Yankee Institute Blog
We don’t get to say these words nearly enough, so we’re giving him a great big shout out: GOVERNOR MALLOY, YOU DID THE RIGHT THING.
Yesterday the Malloy Administration told state agency leaders that the 3 percent pay raises nearly 2,000 non-union staff and political appointees expected to receive this Thursday have been cancelled.
As Connecticut faces fiscal challenges driven by the high cost of state employee pay and benefits, a state audit highlights the fact that the two largest income sources for Eastern Connecticut State University – tuition and state support – don’t even cover compensation for its employees.
In fiscal year 2013, ECSU took in $32.6 million from student tuition and paid nearly $76 million in employee pay and benefits. The university also received $40.5 million from state appropriations but could not bridge the gap between revenue and the costs of its mostly-union workforce.
Gov. Dannel Malloy’s budget will get torn to pieces over the next two months by lawmakers and special interests. Let’s take a time out to acknowledge one subtle but important improvement in Malloy’s proposal.
Currently, each state agency budget has responsibility for its payroll, but not the fringe benefits for its employees. Instead healthcare and pension contributions fall under their own department, comptroller non-functional. By separating responsibility for pay and benefits, we get unintended and less-than-ideal results.
As you know, many families already struggle to pay for the cost of a college education. Students are coming out of school deeply in debt.
Our state’s flagship school, the University of Connecticut, has become a world-renowned research university, in no small part because of the state’s continued financial commitment. But more and more students are getting priced out of this public university because of tuition increases. Tuition at the University of Connecticut is expected to go by 31 percent over the next four years, which is likely to vastly outpace inflation and income increases in the private sector.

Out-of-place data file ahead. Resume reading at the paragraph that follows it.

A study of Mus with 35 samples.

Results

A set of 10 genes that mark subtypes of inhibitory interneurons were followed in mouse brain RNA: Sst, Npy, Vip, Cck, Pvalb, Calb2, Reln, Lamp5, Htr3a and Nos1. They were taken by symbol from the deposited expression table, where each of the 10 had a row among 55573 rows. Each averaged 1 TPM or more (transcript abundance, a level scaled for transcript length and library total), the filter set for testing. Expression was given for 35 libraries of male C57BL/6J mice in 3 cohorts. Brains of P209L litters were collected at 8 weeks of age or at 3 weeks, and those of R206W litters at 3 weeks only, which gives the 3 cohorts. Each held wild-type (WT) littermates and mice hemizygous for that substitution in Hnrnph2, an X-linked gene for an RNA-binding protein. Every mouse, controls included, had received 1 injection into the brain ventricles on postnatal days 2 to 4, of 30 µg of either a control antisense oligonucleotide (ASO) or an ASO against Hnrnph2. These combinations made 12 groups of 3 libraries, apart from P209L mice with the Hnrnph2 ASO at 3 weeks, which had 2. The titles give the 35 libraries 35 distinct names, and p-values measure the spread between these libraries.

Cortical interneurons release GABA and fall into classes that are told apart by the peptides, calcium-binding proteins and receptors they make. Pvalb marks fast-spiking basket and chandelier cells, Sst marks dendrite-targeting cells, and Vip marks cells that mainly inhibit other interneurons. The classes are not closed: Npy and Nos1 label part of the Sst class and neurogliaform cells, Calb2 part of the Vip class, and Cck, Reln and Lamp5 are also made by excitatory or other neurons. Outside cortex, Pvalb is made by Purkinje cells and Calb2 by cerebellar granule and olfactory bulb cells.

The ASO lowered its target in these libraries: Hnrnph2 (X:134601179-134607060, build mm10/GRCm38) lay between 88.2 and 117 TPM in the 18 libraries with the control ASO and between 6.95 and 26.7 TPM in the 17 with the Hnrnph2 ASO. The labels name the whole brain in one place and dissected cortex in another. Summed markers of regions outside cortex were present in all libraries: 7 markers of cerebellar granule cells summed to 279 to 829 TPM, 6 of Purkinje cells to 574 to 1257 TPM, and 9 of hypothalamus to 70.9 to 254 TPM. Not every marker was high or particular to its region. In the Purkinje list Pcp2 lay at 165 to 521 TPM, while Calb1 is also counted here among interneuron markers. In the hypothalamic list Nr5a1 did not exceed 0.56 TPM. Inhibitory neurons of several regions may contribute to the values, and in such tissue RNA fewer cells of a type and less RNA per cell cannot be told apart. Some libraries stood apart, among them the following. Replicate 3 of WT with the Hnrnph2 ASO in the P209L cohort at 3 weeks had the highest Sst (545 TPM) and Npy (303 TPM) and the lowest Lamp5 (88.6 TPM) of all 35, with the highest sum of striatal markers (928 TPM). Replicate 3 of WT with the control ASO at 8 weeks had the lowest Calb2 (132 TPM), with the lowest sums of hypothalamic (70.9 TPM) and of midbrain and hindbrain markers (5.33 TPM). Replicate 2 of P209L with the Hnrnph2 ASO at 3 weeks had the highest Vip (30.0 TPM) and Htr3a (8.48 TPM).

Claims Commissioner J. Paul Vance Jr. resigned Friday amid a controversy over a $16.8 million wrongful imprisonment settlement raising questions about how best to determine future payouts.
Over the past 10 years, the state of Connecticut has given out 11 wrongful imprisonment settlements totaling $39 million for an average claim of $3.5 million per claimant. All but one settlement of $5 million occurred in the past two years.
We at the Yankee Institute support the Governor’s budget plan. We know it is a bitter pill. Like you, we agonize over the hardships it will impose on some of the most vulnerable residents of our state. But even so, we have concluded that, at this point, it is necessary to make these difficult cuts in order to put the state back on a more sustainable path.
Every generation is a part of history — few in a generation have the chance to make history. Everyone within and without this chamber starts at such a threshold this evening.
I’ve made my choice and although the path to it was trying, I feel great.
Andres Ayala Jr. resigned as head of the troubled Connecticut DMV in the wake of a disastrous role out of a new computer system. The computer software, meant to streamline DMV services, resulted in massive wait times, erroneously suspended registrations and a number of angry complaints beginning in August 2015.
While Ayala appeared to shoulder the blame, his tenure and the continued problems came at the end of a process that began in 2009.
The Department of Motor Vehicles, which recently saw its commissioner resign amid serious customer service problems, spent $1.9 million on overtime in the first six months of fiscal year 2016, already exceeding the $1.7 million spent in 2015.
DMV overtime is only likely to increase with a backlog of hundreds of thousands of requests. Gov. Dannel Malloy recently appointed Dennis Murphy, former deputy commissioner of the Labor Department, to replace Andres Ayala as DMV commissioner.
Administrators at the University of Connecticut want the board of trustees to approve a new contract for non-teaching employees. The trustees should refuse and ask for a better deal, for students and for the people of Connecticut.
This year most state employees will negotiate a new wage contract. One bargaining unit, made up of state police, agreed on a contract last year. These contracts only cover the wage schedules and working conditions for state employees because healthcare and retirement benefits are handled separately on a statewide basis through a process known by the acronym SEBAC.